Jones, the UFC's light heavyweight champ, knows there's a long line of haters behind every successful person, so he takes the hate in stride.
"A lot of great athletes are hated," Jones said. "I have to be comfortable with it. I am comfortable with it. I have a strong group of people around me. Really strong friends, really strong coaches, really strong mentors. Those are the people who matter. I'll continue to be loved by many, hated by many, and be comfortable who I am.
"The Yankees are hated for a reason," the Endicott, N.Y. native said. "Whoever is good at anything is usually hated. I'm really comfortable with it. What I'd really like to focus on is how many people support me. I've got a lot of support. Nike comes out with things, they sell out in less than a day. Every day I get messages saying they inspire me. If one person writes me a message saying I genuinely enhanced their life, that outweighs 500 haters."
All the hate keeps Jones striving for bigger and better things, namely a spot in the UFC's heavyweight division.
"I do believe there could be greater challenges at heavyweight," Jones said. "Maybe there won't be. Maybe I'll be more athletic, more agile, faster, very unpredictable for that weight class, doing things heavyweights don't normally see. Maybe there will be easier fights for me. You never know. ... Cain Velasquez is the champion right now, I think there's some things I can do athletically that Cain has never seen before. If he can be a small heavyweight, then I can be a small heavyweight with a whole different playbook."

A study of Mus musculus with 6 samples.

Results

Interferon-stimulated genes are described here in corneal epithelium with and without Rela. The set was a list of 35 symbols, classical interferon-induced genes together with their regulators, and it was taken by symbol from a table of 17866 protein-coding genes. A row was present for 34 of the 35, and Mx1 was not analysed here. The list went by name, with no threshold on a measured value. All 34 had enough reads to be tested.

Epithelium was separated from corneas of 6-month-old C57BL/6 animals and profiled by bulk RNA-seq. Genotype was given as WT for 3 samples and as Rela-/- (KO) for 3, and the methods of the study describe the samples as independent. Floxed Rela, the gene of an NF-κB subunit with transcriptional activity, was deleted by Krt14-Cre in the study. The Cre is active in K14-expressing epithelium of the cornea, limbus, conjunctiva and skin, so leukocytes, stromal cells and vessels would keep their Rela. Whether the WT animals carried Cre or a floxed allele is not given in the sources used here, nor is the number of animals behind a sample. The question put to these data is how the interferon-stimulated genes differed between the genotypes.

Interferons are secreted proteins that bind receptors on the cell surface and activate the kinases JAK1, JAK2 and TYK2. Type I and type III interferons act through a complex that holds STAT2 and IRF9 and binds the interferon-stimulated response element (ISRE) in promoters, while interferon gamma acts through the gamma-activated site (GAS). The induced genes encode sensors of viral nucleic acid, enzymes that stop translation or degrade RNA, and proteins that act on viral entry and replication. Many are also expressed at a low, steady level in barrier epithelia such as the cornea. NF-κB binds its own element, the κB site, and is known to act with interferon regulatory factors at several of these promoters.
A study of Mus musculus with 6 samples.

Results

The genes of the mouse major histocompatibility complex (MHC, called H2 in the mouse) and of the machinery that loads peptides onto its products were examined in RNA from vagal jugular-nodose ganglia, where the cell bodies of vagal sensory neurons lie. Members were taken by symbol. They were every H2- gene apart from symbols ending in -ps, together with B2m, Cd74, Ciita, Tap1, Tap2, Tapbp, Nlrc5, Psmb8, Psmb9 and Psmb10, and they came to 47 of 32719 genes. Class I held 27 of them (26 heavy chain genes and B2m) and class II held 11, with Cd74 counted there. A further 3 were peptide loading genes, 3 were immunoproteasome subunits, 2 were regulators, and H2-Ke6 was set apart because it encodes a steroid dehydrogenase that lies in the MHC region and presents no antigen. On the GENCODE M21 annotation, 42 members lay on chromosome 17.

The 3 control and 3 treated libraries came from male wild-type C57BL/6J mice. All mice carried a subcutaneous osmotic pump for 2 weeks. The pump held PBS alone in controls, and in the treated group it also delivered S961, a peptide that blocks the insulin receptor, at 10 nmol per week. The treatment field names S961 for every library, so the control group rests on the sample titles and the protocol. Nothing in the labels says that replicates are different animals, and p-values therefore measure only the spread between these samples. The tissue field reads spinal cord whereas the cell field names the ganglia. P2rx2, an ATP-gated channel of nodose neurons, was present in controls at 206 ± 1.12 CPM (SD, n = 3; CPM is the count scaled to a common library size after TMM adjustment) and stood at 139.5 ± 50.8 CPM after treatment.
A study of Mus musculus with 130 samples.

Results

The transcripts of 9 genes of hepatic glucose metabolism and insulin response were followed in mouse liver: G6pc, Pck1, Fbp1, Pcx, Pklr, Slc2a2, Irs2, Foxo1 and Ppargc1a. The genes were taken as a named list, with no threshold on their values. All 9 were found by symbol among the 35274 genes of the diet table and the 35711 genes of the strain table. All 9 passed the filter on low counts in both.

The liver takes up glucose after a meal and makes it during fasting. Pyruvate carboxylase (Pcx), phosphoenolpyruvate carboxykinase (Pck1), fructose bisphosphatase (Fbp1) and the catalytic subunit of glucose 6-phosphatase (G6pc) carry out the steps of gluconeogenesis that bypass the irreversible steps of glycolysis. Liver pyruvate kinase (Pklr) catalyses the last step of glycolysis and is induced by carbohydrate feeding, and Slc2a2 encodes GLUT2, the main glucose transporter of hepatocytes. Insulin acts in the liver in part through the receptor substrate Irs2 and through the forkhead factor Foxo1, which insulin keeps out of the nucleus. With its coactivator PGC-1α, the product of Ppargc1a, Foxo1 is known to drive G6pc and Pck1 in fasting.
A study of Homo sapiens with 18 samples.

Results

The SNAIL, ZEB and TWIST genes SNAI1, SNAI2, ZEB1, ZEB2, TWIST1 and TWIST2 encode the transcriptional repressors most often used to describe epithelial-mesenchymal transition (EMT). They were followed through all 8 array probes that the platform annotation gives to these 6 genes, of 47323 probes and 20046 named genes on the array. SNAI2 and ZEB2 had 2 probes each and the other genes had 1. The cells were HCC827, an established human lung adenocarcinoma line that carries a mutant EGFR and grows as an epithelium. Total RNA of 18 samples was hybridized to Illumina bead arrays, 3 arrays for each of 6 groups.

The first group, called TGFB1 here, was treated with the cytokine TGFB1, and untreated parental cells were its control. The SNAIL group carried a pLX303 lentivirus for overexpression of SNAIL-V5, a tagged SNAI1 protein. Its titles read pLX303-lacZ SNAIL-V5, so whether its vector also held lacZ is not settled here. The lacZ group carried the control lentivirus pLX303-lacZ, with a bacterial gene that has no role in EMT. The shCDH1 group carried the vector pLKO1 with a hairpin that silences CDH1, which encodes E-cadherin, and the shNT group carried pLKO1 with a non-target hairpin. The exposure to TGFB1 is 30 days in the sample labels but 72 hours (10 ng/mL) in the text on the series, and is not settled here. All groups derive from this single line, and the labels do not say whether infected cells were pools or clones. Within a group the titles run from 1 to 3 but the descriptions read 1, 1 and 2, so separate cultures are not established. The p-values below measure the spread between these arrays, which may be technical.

In 2014, fight fans would love to see a bout between Jones and Velasquez. In the meantime, they'll have to watch Jones fight Alexander Gustafsson at UFC 165.
"I've accomplished a lot of goals I've set my mind to," Jones said. "I've set a lot of goals where I can reach really high. Do huge movie roles, or doing something in boxing is really more of a realistic thing. If I can get myself really strong, do a two- or three-year camp, I would be more than ready for the challenge."